In an interview on Channel One TV on Wednesday, June 19, Dr. Thompson proposed a significant shift. He suggested that COCOBOD step back from direct involvement in cocoa sales. Instead, he envisions farmers independently selling their beans, fostering self-reliance and potentially higher profits.

“It’s time to leave the cocoa farmers alone,” Dr. Thompson told Bernard Avle on Channel One TV’s The Point of View. He suggests farmers manage their sales like other businesses, generating income and contributing through taxes. This, he argues, would empower farmers and strengthen the national tax base.

Dr. Thompson emphasises the need for a more diversified Ghanaian economy, less reliant on cocoa. He proposes a strategic shift towards other sectors to achieve more balanced and sustainable growth.

“After 150 years, we should let cocoa go and think of non-cocoa, non-primary commodity sectors…I’m saying leave the cocoa farmers alone, like anybody else, if they need services let them pay for it. There’s so much potential for growing other parts of the economy, let them have their money,” he opined.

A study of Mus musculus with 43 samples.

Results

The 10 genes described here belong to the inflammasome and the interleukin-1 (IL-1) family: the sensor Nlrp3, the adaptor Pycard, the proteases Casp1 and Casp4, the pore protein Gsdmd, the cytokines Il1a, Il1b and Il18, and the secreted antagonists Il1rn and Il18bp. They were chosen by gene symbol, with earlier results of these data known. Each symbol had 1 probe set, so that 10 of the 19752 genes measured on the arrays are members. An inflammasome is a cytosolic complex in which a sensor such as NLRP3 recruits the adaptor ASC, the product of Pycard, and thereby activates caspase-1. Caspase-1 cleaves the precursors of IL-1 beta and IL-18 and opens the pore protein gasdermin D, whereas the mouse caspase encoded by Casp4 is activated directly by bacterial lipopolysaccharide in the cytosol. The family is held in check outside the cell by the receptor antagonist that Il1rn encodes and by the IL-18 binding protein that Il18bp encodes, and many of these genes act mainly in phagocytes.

Dr. Thompson expressed disappointment that, despite a long history of cocoa production, Ghana hasn’t reached $10 billion in annual cocoa exports. He views this as a sign of missed opportunities and a call for change.

“The first one is the shame of a country like Ghana still depending on cocoa, as a core element of its development strategy after almost 150 years, since it was introduced. We shouldn’t be talking about cocoa, by now we should be talking about the industry, high-tech and so on and so forth.

“Cocoa now constitutes just 2% of GDP, and your national development strategy is based on a sector that makes up less than 2% of your GDP.”

He criticized Ghana’s overdependence on cocoa, highlighting the limitations of cocoa loans and the lack of significant economic progress.

“We should be aiming for $10 billion in exports through value-added products,” he argued.